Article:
Imaggeo on Mondays: Arctic iceberg

The text of this week’s Imaggeo on Mondays comes from the photographer himself, Phillip Blaen (University of Birmingham), who took the picture while on fieldwork for his PhD studies. Phillip researches the impacts of climate change on the hydrology and ecology of Artic rivers.

“Arctic iceberg” by Phillip Blaen, distributed by the European Geosciences Union under a Creative Commons licence

Last year, I was working in a small research village called Ny Alesund, which is on the shore of Kongsfjord in north-west Spitsbergen (the largest island of the Svalbard archipelago). Some of my field sites were accessed by boat. I had spent all summer in Svalbard and this was my last boat trip to collect equipment from a site on the other side of the fjord. It was a wet and miserable day. I didn’t expect to get any good photos, but I put my camera in my bag just in case. Then I saw this iceberg floating in the water. The colour of it really contrasted with the darkness of the surrounding landscape – it was almost shining!

Icebergs calve from glaciers throughout the summer in Svalbard. On a warm day the sound of the falling ice hitting the water fills the air like thunder. But many glaciers in Svalbard are now shrinking and the rate of thinning has increased in recent years. This iceberg came from the Kongsbreen glacier at the head of Kongsfjord. The glacier has retreated by several hundred meters in the last half-century. A few decades ago, the location where this photo was taken would have been covered by ice.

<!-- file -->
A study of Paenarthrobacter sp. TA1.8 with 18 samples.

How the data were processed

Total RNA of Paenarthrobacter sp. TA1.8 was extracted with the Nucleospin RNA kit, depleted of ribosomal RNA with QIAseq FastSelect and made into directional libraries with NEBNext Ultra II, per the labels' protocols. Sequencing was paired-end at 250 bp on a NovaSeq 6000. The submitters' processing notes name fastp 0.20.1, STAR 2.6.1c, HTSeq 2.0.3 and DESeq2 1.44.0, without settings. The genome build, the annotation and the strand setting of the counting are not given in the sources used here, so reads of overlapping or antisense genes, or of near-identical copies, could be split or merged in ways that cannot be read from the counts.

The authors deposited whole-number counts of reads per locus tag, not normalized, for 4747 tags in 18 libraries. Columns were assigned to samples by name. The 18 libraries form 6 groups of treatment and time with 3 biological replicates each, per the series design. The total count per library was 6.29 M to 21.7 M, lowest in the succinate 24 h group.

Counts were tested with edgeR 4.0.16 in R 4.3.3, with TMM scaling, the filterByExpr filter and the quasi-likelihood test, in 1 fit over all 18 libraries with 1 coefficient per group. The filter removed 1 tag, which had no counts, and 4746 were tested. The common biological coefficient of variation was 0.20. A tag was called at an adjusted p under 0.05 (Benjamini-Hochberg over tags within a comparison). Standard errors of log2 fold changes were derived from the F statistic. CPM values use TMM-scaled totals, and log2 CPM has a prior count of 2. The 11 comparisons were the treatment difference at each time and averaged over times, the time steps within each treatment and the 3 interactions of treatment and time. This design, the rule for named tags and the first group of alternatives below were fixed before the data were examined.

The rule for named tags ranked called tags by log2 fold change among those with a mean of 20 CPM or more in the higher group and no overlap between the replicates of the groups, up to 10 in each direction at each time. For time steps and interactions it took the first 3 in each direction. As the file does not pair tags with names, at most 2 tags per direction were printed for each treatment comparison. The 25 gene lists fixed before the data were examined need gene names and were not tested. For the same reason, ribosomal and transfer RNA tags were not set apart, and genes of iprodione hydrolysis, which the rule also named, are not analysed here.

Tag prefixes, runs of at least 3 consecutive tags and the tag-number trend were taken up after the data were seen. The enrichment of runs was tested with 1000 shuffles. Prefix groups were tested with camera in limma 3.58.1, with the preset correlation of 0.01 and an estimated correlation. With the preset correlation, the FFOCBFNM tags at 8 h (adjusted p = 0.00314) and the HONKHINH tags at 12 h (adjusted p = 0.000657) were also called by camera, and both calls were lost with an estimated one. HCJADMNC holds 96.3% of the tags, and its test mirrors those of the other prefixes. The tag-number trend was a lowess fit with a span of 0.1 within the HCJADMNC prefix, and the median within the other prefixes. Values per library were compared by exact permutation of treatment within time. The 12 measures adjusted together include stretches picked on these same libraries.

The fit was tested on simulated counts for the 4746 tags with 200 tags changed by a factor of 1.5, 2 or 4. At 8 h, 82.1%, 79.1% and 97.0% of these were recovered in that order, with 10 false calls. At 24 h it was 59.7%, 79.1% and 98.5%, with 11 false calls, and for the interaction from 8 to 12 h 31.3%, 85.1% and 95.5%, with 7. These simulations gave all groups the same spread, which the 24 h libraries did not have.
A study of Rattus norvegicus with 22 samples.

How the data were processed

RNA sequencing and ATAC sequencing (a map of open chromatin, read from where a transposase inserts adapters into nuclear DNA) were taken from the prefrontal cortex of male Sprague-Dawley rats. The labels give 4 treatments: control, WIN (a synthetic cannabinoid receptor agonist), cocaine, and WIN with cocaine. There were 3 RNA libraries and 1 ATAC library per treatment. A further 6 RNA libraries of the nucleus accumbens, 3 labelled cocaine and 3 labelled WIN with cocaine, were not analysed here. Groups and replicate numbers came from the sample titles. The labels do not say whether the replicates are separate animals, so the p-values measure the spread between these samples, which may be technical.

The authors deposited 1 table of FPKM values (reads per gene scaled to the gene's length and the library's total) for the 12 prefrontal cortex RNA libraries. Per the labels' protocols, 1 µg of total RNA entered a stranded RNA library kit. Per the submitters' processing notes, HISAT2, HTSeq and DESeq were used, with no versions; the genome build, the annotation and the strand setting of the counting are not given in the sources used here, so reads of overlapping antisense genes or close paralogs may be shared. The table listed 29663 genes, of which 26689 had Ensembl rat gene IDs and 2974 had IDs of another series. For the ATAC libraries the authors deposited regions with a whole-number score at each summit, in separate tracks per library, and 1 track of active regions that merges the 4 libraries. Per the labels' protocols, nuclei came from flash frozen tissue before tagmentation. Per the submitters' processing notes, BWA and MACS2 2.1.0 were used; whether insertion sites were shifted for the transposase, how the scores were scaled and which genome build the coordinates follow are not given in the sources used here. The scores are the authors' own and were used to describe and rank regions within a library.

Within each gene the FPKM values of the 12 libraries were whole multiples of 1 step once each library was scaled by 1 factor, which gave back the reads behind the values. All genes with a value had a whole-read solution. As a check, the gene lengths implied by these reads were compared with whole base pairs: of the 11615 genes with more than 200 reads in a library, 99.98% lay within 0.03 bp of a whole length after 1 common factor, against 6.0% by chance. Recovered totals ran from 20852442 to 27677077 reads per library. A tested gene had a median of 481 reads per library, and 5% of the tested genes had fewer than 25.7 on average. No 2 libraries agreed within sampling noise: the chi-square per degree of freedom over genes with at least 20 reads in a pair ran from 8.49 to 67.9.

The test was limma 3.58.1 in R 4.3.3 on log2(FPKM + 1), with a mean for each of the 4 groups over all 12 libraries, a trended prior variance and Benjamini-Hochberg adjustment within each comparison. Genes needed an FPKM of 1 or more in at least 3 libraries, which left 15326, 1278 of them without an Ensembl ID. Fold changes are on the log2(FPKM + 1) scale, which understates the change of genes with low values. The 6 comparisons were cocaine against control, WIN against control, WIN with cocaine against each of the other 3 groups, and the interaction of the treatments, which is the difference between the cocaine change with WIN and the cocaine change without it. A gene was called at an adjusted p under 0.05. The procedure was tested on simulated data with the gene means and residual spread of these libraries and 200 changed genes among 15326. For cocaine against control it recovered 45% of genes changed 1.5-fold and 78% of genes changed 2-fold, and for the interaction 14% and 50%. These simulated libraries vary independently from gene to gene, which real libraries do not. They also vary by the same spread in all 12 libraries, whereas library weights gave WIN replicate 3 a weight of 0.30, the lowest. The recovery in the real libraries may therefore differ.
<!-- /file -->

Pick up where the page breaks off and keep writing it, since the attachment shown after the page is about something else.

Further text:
By Phillip Blaen

Imaggeo is the EGU’s online open access geosciences image repository. All geoscientists (and others) can submit their images to this repository and since it is open access, these photos can be used by scientists for their presentations or publications as well as by the press and public for educational purposes and otherwise. If you submit your images to Imaggeo, you retain full rights of use, since they are licensed and distributed by the EGU under a Creative Commons licence.

Bárbara Ferreira was the Media and Communications Manager of the European Geosciences Union from 2011 to 2019. Bárbara has also worked as a science writer specialising in astrophysics and space sciences, producing articles for the European Space Agency and others on a freelance basis. She has a PhD in astrophysics from the University of Cambridge.